After Bill de Blasio’s landslide victory, I wrote that New York’s incoming mayor had benefited greatly from what I called “the Obama effect.” President Obama had developed the blueprints for an inexperienced far-left activist to win a general election: rely on lofty rhetoric, because no one believes it anyway. That is, no one believes a modern-day politician would be foolish or reckless enough to actually carry out all the left’s preferred economic and security policies. Today’s New York Times confirms that I was mostly right: I should have said “almost no one.”
It turns out that some delusional true believers really do expect liberal politicians to trash the private sector in the name of social “justice” and sacrifice public safety out of some deranged hatred of the police. And they are unhappy with de Blasio. The new mayor might have thought he earned a bit of patience from the left. After all, he has already restricted effective and legal policing, and the results are clear: shootings have increased as the police have taken fewer guns off the street.
But that appears to have only whetted the appetites of the city’s hard-leftists. They got a taste of mayhem, and want more of it:
The mayor who shot to fame denouncing stop-and-frisk tactics and luxury condominiums is now defending hard-nosed policing and cutting deals with developers, bowing to the realities of leading an unruly city but also angering an activist left that propelled his rise to the Democratic elite.
Impatience with the mayor is now spilling into outcry. On Wednesday, housing advocates will march in Harlem to highlight what they say is a too-weak effort by City Hall to build affordable homes. And the Rev. Al Sharpton is planning a march on Saturday to call for an end to aggressive policing in the wake of a black Staten Island man’s death after being placed in a chokehold during a routine arrest.
Mr. de Blasio, who advisers say is deeply concerned about disappointing his supporters, has struggled to explain that the lofty liberal rhetoric of his mayoral campaign cannot be imported wholesale into City Hall — that there may be a limit on how many affordable units can be extracted from developers, that the so-called broken-windows policing strategy often credited with helping to lower crime cannot be abandoned overnight.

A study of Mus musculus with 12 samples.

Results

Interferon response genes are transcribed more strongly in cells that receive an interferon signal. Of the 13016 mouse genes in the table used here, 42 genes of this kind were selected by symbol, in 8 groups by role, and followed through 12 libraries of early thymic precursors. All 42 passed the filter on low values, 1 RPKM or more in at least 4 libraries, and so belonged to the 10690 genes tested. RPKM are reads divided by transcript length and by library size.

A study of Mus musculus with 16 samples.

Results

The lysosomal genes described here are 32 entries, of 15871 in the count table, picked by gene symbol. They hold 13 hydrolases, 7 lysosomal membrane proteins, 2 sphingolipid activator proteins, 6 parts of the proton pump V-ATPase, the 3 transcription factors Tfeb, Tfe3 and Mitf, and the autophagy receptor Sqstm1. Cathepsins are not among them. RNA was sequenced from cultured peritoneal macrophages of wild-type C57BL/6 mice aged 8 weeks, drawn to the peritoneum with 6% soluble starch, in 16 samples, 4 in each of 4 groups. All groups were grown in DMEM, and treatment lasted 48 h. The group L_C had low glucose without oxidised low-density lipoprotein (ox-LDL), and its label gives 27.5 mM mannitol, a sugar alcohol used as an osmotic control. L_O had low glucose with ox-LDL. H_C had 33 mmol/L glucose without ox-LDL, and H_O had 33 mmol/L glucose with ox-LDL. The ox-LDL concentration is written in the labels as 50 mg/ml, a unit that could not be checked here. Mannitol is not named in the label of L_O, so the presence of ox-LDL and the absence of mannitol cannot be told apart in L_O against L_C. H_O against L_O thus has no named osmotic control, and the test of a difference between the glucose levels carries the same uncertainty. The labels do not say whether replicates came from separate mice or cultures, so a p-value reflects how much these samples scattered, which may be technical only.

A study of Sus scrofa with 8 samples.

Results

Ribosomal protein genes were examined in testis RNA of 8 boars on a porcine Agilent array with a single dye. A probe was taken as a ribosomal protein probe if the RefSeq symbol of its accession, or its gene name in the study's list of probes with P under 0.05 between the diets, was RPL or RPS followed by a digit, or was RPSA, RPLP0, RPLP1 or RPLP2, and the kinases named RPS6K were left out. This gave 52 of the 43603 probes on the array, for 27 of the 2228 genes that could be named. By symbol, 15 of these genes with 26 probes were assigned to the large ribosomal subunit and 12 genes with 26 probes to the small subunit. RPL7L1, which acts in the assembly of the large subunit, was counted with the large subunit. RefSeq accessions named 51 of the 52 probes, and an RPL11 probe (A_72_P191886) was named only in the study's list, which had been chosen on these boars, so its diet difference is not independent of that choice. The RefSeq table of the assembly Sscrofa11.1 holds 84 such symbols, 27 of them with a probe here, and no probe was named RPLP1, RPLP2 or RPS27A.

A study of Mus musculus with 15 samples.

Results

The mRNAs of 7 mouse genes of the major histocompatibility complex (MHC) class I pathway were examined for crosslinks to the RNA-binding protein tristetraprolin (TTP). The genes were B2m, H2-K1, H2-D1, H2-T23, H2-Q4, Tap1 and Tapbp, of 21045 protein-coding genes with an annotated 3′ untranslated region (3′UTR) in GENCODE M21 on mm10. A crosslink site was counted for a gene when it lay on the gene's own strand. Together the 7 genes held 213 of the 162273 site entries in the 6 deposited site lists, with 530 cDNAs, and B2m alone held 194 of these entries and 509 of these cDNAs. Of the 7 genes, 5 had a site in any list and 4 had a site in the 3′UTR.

Really the whole story is worth reading. De Blasio, of course, isn’t actually tough on crime–by normal standards, at least. Only in the fever swamps of the left is he taking a hard line. And in a way, you can’t blame them. He did tell them he was one of them. On the other hand, there was no reason to believe him–the idea that de Blasio was being completely honest on the campaign trail did not really occur to seasoned observers. De Blasio’s base wants him to govern as if he were insane. He’s not insane. Therefore they will continue to be disappointed.
But the fact that he’s not insane is not a high enough bar. Public safety has already receded, and some of the miraculous gains made by de Blasio’s predecessors are beginning–only beginning–to fade. He’s at a crossroads, but it does offer de Blasio an opportunity: he has plenty of time to correct his mistakes and keep New York City on an even keel for the rest of his term.
It’s early enough that the damage from de Blasio’s mistakes is far from irreversible. And I think the Times story is unfair to de Blasio when it says: “Yet at home, Mr. de Blasio, who swept into office on the promise that New York City could be governed from the left, is discovering that liberalism has its limits.”
Is it true that de Blasio is discovering that liberalism has limits? I doubt it. Surely de Blasio has some terrible ideas about governing, as would anyone who was inspired to public service by the Marxist Sandinistas. But the manifold failures of big-government liberalism throughout the last century make it unlikely that any politician smart enough to win a serious office like New York City mayor in a landslide is just learning, on the job, that liberalism has limits. Liberalism is nothing but limits.
What de Blasio is dealing with now is a sector of the left–grown increasingly louder and more numerous in recent years–that doesn’t consider the results of public policy to be relevant. For the dedicated left, the value in a policy is its intentions and the purity of its identity politics. Gun crime is up, and to the left it matters not. De Blasio is not learning that his policies reduce public safety. He’s learning that his left-wing base wants those policies anyway.